Editorial: Flying in the face of history
Bonjour! Or shall we say, guten morgen!
The insurance commercial with the French punch line really does tell the truth. On the Internet, fact checks are not guaranteed.
And from what we’ve learned, it was a website serving as the latest point of origin to oppose our proud North Carolina claim to being the site of the first powered flight. Again.
Yes, this is 2013. The Wright brothers certainly flew the “Flyer” on Dec. 17, 1903. Evidence it happened is unquestioned, even 110 years later.
Since then, the Great North State has referred to itself as “First in Flight,” most prominently on license plates. And Ohio, longtime home and native state for Orville and Wilbur, has rightly called itself the “Birthplace of Aviation.”
Connecticut has been provoked. The Nutmeggers are cheering a bill signed this summer by Gov. Dannel P. Malloy, which states his office “shall proclaim a date certain in each year as Powered Flight Day to honor the first powered flight.”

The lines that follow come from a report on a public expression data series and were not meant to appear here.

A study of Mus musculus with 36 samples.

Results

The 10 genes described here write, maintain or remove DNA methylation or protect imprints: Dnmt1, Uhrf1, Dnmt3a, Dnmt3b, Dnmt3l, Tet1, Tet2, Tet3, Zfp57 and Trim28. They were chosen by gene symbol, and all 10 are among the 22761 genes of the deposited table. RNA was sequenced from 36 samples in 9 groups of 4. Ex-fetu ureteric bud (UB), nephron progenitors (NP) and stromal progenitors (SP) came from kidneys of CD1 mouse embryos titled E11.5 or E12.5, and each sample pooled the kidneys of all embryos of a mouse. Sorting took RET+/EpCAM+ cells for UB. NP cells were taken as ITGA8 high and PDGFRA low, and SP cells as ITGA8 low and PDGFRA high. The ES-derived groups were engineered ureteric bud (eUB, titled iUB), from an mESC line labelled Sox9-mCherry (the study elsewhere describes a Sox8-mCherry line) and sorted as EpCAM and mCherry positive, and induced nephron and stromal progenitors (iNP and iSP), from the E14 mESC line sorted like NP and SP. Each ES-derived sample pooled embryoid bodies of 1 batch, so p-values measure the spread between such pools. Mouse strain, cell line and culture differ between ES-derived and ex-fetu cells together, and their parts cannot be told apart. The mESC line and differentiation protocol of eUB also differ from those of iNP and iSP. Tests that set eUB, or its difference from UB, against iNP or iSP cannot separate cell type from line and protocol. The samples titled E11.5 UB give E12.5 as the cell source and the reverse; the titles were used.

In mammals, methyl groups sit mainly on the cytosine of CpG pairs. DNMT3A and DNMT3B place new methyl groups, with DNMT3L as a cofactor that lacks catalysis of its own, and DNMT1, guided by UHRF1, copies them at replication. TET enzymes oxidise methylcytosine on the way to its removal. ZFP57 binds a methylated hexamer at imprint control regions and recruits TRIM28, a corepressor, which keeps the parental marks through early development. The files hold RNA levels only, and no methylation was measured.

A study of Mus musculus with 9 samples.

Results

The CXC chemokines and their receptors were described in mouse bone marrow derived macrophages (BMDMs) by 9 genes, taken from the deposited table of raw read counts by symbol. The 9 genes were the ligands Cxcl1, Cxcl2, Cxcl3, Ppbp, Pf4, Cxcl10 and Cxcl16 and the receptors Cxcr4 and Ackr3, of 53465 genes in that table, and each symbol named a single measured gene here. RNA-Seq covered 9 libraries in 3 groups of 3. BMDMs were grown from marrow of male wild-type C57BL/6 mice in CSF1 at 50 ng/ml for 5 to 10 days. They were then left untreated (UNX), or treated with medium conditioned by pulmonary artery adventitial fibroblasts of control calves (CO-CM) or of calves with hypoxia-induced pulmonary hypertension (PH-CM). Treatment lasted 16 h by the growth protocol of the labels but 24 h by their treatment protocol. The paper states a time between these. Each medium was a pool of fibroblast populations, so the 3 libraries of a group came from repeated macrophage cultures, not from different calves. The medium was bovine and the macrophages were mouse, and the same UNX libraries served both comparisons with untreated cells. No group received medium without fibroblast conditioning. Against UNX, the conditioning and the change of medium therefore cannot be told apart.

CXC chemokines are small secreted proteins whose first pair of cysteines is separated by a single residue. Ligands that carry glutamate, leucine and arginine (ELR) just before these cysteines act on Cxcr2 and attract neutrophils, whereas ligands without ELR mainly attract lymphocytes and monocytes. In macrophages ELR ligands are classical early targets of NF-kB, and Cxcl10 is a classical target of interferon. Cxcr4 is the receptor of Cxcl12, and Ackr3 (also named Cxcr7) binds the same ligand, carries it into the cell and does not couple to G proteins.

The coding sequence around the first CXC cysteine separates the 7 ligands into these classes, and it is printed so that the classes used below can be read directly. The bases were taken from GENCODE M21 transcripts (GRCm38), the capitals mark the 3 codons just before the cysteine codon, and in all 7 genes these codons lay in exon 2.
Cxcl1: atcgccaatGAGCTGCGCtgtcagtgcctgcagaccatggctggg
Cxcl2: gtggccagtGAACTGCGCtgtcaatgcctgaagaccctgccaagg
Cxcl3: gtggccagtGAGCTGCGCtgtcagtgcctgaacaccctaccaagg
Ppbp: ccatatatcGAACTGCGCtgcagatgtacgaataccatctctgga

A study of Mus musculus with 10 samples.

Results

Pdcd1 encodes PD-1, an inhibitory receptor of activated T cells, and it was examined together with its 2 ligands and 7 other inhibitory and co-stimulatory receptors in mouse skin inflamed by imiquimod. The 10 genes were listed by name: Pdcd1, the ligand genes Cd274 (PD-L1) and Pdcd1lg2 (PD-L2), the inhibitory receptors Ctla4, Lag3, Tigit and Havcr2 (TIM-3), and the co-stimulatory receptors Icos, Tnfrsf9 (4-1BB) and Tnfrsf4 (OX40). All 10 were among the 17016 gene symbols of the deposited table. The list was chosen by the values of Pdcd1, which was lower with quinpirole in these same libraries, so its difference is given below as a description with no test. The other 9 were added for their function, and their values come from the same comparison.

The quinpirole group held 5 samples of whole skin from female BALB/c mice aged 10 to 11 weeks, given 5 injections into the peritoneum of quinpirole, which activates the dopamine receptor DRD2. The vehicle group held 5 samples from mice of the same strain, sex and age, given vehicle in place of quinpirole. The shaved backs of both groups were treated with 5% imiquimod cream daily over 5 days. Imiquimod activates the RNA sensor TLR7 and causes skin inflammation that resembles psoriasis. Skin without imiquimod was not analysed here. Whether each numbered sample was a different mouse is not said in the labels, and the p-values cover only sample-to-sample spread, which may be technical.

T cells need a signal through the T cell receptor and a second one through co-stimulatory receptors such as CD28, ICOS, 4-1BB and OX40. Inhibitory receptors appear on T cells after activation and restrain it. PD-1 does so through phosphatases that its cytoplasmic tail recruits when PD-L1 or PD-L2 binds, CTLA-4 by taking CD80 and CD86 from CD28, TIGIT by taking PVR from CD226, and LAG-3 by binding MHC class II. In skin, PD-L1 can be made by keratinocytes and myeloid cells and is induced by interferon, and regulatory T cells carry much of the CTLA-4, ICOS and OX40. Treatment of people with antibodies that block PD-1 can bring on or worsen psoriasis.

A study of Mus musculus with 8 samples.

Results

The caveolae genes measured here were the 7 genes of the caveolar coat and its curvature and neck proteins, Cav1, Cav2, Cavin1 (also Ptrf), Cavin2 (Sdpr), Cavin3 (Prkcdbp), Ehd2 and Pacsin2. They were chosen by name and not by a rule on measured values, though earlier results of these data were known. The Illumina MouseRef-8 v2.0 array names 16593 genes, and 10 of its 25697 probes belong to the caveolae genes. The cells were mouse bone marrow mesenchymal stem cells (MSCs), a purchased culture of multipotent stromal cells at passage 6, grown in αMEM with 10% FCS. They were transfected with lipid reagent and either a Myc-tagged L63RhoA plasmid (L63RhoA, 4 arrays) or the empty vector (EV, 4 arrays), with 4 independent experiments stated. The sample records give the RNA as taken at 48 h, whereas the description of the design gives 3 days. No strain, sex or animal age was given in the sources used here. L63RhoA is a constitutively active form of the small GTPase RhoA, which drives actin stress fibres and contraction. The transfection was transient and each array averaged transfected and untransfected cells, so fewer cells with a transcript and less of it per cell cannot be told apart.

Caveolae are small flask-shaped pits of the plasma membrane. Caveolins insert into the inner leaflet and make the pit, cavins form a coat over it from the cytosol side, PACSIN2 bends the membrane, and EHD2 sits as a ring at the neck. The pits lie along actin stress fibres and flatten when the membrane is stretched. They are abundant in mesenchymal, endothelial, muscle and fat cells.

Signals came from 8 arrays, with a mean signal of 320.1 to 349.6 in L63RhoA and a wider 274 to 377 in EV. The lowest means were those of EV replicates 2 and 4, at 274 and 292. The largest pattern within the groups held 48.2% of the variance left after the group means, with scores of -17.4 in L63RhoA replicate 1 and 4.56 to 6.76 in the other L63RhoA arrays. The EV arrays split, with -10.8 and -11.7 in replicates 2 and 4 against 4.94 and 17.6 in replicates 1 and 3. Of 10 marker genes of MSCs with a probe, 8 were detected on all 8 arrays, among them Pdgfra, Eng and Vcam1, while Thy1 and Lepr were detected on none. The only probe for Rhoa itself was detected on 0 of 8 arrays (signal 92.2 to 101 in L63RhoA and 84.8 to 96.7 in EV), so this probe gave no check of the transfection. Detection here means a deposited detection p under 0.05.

They say it was by Gustave Whitehead, a German-born aviator who made Bridgeport, Conn., his home. Reportedly, he flew the “Condor” on Aug. 14, 1901, in Stratford, Conn.
What Whitehead didn’t do, for sure, was go tell the world. The Wrights did, taking their plane to Europe among other places.
And, many of us have seen the iconic photograph of a photograph being taken of the plane in flight. In short, there’s no question about the Wrights and when.
But back to the Internet and the early 1900s. A 1906 aviation exhibition in New York mentions a photograph of Whitehead’s flight, which is since missing. In a panoramic photo of the exhibit, discovered earlier this year by Australian John Brown, the missing picture is seen in the photo, and then enlarged 3,500 percent. Some research, posting on a website, and an endorsement from Jane’s All the World’s Aircraft — considered an aviation authority, we should add — led the lawmakers in Connecticut to their new law.
While there are one-hit wonders in many aspects of life, none of Whitehead’s machines got off the ground from 1902 on — none.
And we’re not convinced one did before either.